Radley Balko, a senior editor at Reason Magazine, recently wrote an article in which he called for the abolition of DUI laws across the United States. While he notes that the idea “sounds radical at first blush,” the reasons he presents for doing so are undeniably thought provoking. We present them here.
First, the idea behind a precise measurement of drunk behavior – i.e., 0.08 – is arbitrary and illogical. People react differently to alcohol. Moreover, impairment also depends on other variables, such as medications a person is taking, whether he or she is sleep deprived, whether the motorist is agitated or enraged for reasons having nothing to do with alcohol, and so forth.
Second, Balko points to enforcement tools, such as sobriety checkpoints, as being ineffectual. He notes that, interestingly, alcohol-related fatalities across the country actually increased following the nationwide 0.08 standard that took effect in 2000, reversing a 20-year trend. The reason why, he posits, is that because people with a BAC under .10 – the older standard – don’t typically drive erratically enough to be noticed by cops. Police thus began instituting checkpoints – now lawful in 37 states – to catch them. In doing so, police departments commonly commit substantial resources, which brings forth this comment from Balko: “Every cop manning a roadblock … is a cop not on the highways looking for more seriously impaired motorists.”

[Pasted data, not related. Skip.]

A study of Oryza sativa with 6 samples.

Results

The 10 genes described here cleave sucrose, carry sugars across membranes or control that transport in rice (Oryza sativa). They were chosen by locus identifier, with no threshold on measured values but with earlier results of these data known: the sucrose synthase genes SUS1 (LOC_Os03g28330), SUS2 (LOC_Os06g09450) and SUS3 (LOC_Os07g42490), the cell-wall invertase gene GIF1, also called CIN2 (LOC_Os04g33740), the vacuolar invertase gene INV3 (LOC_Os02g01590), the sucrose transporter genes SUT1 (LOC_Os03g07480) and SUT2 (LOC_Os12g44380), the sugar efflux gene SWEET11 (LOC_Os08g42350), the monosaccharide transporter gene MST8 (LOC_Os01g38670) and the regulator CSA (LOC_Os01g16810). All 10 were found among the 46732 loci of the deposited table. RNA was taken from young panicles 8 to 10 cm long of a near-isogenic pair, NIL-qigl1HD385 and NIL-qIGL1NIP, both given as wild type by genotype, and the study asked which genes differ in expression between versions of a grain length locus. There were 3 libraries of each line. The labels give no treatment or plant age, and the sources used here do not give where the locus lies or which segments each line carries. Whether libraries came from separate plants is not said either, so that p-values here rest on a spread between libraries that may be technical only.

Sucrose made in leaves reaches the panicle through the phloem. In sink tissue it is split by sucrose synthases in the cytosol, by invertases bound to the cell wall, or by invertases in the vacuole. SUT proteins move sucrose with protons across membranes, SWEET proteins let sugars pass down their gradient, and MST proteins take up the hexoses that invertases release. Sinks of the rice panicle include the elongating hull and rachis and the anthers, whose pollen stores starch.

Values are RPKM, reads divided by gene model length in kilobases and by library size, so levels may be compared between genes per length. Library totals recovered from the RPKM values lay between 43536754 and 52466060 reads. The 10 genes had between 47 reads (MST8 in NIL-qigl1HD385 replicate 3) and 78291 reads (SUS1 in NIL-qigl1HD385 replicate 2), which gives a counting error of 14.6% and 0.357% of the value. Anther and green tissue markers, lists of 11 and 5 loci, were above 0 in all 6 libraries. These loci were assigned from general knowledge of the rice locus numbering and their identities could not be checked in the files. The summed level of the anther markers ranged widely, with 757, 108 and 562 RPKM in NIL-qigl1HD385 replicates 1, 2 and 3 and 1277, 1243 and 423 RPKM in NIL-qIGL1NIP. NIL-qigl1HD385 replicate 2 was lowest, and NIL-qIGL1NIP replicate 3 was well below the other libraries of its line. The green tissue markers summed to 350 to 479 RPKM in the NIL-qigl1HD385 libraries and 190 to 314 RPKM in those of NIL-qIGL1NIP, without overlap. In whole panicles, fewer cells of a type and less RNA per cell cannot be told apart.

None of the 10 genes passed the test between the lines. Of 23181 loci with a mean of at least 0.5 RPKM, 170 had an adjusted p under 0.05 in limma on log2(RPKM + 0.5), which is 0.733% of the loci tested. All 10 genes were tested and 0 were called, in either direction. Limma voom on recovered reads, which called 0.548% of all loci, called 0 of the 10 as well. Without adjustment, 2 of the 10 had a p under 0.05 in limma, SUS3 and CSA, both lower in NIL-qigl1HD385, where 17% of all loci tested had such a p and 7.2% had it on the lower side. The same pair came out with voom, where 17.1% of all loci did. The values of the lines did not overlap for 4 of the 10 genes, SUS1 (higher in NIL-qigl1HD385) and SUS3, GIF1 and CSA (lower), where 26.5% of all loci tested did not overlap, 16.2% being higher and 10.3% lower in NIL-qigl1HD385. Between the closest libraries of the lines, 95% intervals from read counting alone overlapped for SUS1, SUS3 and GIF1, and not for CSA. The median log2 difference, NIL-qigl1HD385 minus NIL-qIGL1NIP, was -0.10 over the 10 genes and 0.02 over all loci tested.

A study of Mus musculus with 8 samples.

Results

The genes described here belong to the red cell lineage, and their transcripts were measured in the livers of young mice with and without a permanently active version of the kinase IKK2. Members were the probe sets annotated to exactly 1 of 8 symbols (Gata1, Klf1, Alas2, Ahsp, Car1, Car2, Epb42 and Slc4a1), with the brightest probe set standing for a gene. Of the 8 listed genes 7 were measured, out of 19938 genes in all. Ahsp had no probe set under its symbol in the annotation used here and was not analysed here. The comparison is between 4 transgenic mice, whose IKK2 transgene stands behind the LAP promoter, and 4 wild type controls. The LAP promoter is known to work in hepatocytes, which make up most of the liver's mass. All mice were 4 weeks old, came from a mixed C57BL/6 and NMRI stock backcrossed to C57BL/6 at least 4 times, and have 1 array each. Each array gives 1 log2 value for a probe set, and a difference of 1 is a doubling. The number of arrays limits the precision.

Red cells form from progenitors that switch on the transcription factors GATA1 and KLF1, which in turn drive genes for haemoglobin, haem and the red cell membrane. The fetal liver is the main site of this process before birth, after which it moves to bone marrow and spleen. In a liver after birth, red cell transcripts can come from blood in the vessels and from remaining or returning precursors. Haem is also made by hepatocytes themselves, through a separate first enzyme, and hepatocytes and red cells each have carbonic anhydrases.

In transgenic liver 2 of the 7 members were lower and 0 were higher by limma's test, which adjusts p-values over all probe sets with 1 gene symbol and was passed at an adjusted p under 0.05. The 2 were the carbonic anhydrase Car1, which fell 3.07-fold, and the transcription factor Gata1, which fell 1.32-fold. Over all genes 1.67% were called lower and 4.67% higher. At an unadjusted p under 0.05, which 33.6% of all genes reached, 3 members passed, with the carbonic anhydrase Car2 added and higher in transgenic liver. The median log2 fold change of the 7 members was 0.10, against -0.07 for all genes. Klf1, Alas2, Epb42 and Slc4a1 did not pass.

One DUI expert calls checkpoints “the drunk driving exception to the Constitution,” with an officer’s right to immediately suspend a driver’s license for refusal to take a breath test representing a strong exception to an individual’s 5th Amendment right against self-incrimination.
Third, the focus is simply wrong when it is on the drinking per se and not on impairment. It ignores what numerous studies are now telling us, that other driving behaviors can be just as dangerous as drinking and driving – and sometimes more dangerous. As a motorist, would you rather be driving beside a person who had one drink shortly before or a motorist who is busily engaged in texting? Or shouting at his or her kids in the car? Or playing with a pet?
Balko’s point is this: Punish reckless driving, whether it is caused by talking on a cell phone, eating, changing a CD, having a bad day – or drinking. That will put the focus back on where it belongs – the impairment. It will also “repair some of the civil-liberties damage done by the invasive powers the government says it needs to catch and convict drunk drivers.”
Last, it will add needed consistency to our laws, which Balko says “treat a driver with a BAC of 0.08 much more harshly than a driver distracted by his kids or a cell phone, despite similar levels of impairment.”
If you find yourself at the mercy of an impaired driver, be sure to contact a Tucson car wreck lawyer.